The Canadian provinces of Ontario, Saskatchewan, New Brunswick, and Alberta, have announced the launch of a new strategic energy plan that includes small modular reactors to provide zero-emissions energy to cover their growing energy needs safely and reliably.
The first of these new reactors will be constructed in 2028 in Ontario, while the rest will follow in 2030 and 2035. The nominal power rating of these reactors will be 300 megawatts, which is enough to cover the annual energy needs of 300,000 homes. In a future stage, similar, smaller 5MW reactors may be used for powering remote communities in Canada’s northern regions. These communities are currently using diesel generators for heat and electricity, which are harmful to the environment, costly, and rely on fragile supply.
Some people living nearby the selected reactor locations raise safety concerns that stem from historical incidents and various catastrophes, but the authorities turn these down as irrelevant in this case. These new modular reactors are nothing like those used in traditional nuclear plants, as they are designed never to release any radioactive materials into the surrounding environment. Their fuel kernel, which lasts for up to 20 years, comprises uranium, carbon, and oxygen, is pre-loaded inside a small core vessel and encased in a diamond-like material that cannot be cracked open. This kernel is the size of a seed, so it wouldn’t have the potential to cause large-scale catastrophes.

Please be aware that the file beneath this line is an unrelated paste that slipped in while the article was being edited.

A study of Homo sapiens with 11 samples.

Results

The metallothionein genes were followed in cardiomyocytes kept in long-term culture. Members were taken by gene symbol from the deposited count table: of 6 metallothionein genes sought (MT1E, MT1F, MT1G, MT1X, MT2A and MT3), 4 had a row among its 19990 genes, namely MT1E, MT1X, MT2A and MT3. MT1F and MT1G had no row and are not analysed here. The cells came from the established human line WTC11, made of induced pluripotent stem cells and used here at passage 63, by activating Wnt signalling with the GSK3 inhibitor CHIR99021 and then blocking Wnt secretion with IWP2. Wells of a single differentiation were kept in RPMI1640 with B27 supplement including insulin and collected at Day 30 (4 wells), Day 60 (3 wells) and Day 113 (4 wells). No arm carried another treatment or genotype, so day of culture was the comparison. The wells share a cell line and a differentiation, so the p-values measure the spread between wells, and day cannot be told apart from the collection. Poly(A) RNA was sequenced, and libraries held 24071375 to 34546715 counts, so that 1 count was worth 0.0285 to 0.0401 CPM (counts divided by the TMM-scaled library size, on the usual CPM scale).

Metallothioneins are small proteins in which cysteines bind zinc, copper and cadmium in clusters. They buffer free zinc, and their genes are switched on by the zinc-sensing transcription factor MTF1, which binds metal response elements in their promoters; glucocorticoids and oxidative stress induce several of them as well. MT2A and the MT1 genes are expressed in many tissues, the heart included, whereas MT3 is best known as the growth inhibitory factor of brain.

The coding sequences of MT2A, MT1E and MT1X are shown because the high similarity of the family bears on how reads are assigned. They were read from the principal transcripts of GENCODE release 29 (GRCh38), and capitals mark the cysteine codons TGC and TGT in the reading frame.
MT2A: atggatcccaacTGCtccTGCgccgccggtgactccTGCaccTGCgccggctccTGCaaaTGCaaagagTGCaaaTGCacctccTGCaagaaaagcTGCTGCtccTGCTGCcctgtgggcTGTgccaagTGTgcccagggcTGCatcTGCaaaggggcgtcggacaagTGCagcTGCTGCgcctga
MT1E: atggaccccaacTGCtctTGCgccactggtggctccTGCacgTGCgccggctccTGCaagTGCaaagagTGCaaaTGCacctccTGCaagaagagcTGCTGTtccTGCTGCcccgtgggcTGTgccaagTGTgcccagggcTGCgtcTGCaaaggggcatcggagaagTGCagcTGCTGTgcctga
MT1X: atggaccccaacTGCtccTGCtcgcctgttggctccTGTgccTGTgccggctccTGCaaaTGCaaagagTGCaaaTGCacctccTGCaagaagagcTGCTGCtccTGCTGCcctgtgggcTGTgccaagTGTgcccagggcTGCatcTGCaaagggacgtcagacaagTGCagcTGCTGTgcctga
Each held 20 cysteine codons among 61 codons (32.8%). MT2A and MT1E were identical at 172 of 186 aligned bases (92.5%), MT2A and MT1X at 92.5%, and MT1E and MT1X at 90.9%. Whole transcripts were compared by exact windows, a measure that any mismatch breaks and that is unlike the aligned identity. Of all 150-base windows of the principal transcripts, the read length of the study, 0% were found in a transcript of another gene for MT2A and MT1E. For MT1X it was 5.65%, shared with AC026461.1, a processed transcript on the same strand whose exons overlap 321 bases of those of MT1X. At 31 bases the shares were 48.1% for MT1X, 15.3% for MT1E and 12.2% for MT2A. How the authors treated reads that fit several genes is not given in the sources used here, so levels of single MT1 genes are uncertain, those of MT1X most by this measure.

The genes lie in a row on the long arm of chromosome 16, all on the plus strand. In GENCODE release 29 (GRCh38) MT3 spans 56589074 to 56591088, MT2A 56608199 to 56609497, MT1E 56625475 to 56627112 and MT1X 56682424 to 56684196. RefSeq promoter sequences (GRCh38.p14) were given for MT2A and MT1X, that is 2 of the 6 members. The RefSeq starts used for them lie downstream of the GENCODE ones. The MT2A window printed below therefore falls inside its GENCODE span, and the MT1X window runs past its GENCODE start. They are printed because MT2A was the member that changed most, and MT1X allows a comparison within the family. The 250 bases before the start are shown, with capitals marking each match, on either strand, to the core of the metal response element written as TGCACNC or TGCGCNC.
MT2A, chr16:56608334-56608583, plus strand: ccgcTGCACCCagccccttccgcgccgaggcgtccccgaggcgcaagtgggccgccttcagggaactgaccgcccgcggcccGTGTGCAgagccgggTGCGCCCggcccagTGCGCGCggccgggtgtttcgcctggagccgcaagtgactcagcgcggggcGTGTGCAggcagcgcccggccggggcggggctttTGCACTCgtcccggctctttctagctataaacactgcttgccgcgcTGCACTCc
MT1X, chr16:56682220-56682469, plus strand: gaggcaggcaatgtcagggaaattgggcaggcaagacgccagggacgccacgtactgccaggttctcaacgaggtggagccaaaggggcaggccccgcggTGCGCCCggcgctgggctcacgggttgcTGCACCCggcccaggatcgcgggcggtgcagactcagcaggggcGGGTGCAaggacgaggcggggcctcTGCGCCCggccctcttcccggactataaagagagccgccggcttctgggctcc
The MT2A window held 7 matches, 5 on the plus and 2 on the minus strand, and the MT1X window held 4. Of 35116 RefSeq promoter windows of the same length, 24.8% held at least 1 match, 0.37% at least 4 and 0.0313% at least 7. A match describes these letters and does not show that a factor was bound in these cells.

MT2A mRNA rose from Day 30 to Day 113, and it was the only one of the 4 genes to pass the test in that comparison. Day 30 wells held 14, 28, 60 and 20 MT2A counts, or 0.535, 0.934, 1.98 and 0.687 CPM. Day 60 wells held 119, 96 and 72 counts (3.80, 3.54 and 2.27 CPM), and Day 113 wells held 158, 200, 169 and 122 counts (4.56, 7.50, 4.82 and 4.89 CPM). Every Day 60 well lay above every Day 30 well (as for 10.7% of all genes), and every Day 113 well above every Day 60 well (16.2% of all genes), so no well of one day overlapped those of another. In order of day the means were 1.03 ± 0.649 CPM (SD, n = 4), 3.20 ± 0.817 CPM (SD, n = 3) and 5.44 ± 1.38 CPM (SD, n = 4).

Moreover, these small reactors cannot suffer from “meltdown” incidents because they do not produce much heat. The heat they release is manageable by passive systems, so the reactors don’t need active cooling systems. Inside the reactor, helium plays the role of the coolant medium that takes extra thermal energy from the fuel pellets. Helium gas was selected for now reacting with the fuel and not carrying isotopes or byproducts out of the core.